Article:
Monday, 4 February 2008

Television and novels

The relationship between television and novels is often complicated. A screenplay is so different from a novel that it’s no wonder that authors are sometimes frustrated by the way their work translates to the small screen. It’s said that Rodney Wingfield, creator of Jack Frost, never watched the highly successful tv series based on his character because he was so disgruntled by the pilot. Presumably the royalties must have sugared the pill, but I know several authors who were utterly dismayed by the changes made to their creations, which failed to result in high viewing figures.

There’s been a lot of debate recently about Marple and the cavalier treatment of the original Christie novels by the screenwriters. I can understand why changes may be made for a fresh generation of viewers, but sometimes they seem to be changes for the worse. I liked one or two of the early episodes of Marple, but thought the new version of The Sittaford Mystery, an enjoyable book, was so ludicrous that it verged on the embarrassing.

I was fascinated to learn that Christine Falls, John Banville’s first, and critically acclaimed, venture into crime fiction as Benjamin Black, started out with a tv screenplay. It was meant to be a co-production between Irish and Australian television, but it fell through. He decided to turn it into a novel, but moved the Australian scenes to the USA.

Something different happened when Cath Staincliffe wrote a novel called Cry Me a River. The novel did not sell, but she turned it into a screenplay, which became the highly successful Blue Murder, starring Caroline Quentin. Cath then re-wrote the novel under the Blue Murder title. And since then, she’s continued to write both books and screenplays featuring the character played by Quentin.

8 comments:

Petrona said...

I rarely watch TV, but I did see a couple of episodes of Miss Marple as played by Joan Hickson, and could never imagine anyone else playing her as well. (Margaret Rutherford was a darling in the role but too flustery and eccentric.)
I did read about the outrage over the G McEwan versions, but have not seen any. However, I have in the past seen some truly appalling US versions of Christie -- surely the G McE versions can't be as bad as those?

Martin Edwards said...

Bad in a different way! I guess you're thinking of the Angela Lansbury versions? Well, Geraldine McEwan is, I think, a terrific actor, and at times in the new series she is excellent. But (some of, not all) the scripts let her down. I agree with you about Joan Hickson - marvellous. Margaret Rutherford wasn't Miss Marple, but she did introduce me to Christie at the tender age of nine, so I owe her thanks...

crimeficreader said...

Oh dear! I disagree with you both. Perhaps it's because Margaret Rutherford was the first screen incarnation of Miss Marple that I ever saw? For me, she is and will always remain, Miss Marple. Both Hickson and McEwan were just too slender.

Following Fallen Angel, Andrew Taylor's Roth trilogy on screen, I'd love it if someone/some company would televise his Lydmouth series. Like Maxine, I rarely watch TV, but I'm watching Kingdom at the moment as Dominic Mafham stars alongside Stephen Fry. In my mind, Dominic Mafham would make a splendid Richard Thornhill, Lydmouth's series protag.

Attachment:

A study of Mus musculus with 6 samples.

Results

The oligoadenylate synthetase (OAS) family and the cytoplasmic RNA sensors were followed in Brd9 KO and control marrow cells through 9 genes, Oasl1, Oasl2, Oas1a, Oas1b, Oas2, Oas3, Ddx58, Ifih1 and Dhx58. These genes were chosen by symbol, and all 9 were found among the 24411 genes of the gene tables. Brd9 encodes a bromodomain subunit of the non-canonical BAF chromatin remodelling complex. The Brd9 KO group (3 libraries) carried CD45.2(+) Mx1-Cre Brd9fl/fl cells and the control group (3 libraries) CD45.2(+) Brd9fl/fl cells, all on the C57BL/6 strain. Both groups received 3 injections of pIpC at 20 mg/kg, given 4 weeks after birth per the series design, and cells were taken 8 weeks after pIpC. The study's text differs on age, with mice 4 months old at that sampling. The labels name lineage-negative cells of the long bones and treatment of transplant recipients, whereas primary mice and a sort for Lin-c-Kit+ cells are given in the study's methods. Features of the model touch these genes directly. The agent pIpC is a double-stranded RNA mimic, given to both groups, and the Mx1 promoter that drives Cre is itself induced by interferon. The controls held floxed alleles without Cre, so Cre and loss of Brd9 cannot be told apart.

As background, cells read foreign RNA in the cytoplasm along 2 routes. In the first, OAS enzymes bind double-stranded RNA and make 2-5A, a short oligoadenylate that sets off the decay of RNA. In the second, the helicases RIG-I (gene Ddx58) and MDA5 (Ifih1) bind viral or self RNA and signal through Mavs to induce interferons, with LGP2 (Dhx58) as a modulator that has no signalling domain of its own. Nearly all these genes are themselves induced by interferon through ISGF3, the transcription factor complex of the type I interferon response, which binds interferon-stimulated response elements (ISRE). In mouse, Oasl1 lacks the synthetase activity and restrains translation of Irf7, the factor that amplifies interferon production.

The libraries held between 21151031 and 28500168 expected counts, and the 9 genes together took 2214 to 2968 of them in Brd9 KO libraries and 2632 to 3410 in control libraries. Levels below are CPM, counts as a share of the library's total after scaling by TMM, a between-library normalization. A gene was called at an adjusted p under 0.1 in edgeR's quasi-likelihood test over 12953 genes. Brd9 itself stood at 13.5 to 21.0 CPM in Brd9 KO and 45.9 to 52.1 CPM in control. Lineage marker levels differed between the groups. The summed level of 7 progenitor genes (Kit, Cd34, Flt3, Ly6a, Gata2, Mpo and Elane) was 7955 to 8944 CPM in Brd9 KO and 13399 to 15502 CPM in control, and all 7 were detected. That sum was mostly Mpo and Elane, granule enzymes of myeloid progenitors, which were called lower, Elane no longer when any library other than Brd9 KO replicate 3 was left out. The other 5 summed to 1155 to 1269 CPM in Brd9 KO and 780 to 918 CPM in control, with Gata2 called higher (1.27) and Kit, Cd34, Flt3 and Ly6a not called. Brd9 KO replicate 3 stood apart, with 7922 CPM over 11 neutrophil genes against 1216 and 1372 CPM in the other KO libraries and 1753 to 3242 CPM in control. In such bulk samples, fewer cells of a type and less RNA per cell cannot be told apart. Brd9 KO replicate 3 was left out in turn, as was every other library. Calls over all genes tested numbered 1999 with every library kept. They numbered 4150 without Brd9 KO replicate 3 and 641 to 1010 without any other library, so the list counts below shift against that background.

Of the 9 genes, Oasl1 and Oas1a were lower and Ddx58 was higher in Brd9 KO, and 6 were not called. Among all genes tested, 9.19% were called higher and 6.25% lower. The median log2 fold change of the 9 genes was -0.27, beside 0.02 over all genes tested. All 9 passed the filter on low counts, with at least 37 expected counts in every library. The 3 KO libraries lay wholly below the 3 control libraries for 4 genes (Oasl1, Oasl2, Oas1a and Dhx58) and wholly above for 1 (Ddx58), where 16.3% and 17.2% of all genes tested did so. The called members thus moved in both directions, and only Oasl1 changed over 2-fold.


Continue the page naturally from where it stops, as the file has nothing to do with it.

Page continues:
But I can only dream...

Martin Edwards said...

I'm someone else who doesn't get to see much tv, and unfortunately I missed the tv version of the Roth books, but I thought the books, especially the first, quite splendid.
I wouldn't be at all surprised if Thornhill made it to the small screen one of these days. Again, a great series.

Lydia said...

And now the latest characters also have to play on the smaller screen --> cell phones and computers. Another translation challenge for writers.

Martin Edwards said...

Absolutely, Lydia. I can go along with updating if it's done really well. But I think this requires the writer to have respect for the source material and characters. The trouble with the McEwan version of 'The Sittaford Mystery' was not that the original book was not a Marple story, but rather that it was all so over the top.

brooksideelaine said...

The Sittaford Mystery had nothing to do with the book and it was not a Miss marple story in the first place. It was also so badly acted I could not watch it all. I am a great admirer of GM (remember her well as Mrs Proudie in Barchester Chronicles) but she was somehow too knowing in this series. I wonder who the next one will be?

Re the Lydford series - these are just so filmic. As an admirer of the wonderfully gorgeous Richard Armitage, I can see him in this, fits the description of our hero perfectly.

Have just ordered your third lake district book martin as I so enjoyed the other two. Have posted about them so hope you have noticed!

Martin Edwards said...

Elaine, I'm glad someone else shares my view about the acting in Sittaford. Good actors, having a collective off day, I think.

Lydmouth - what is really fascinating to me is the way Andrew Taylor has developed the series since he had a break from it for a few years. Good as the early books were, I think the later ones are even better. I talked to him about this, and his approach (i.e. treating the new novels as a fresh generation of books, rather than just more of the same) influenced the way I tackled the return after a long absence of Harry Devlin, in the forthcoming 'Waterloo Sunset'.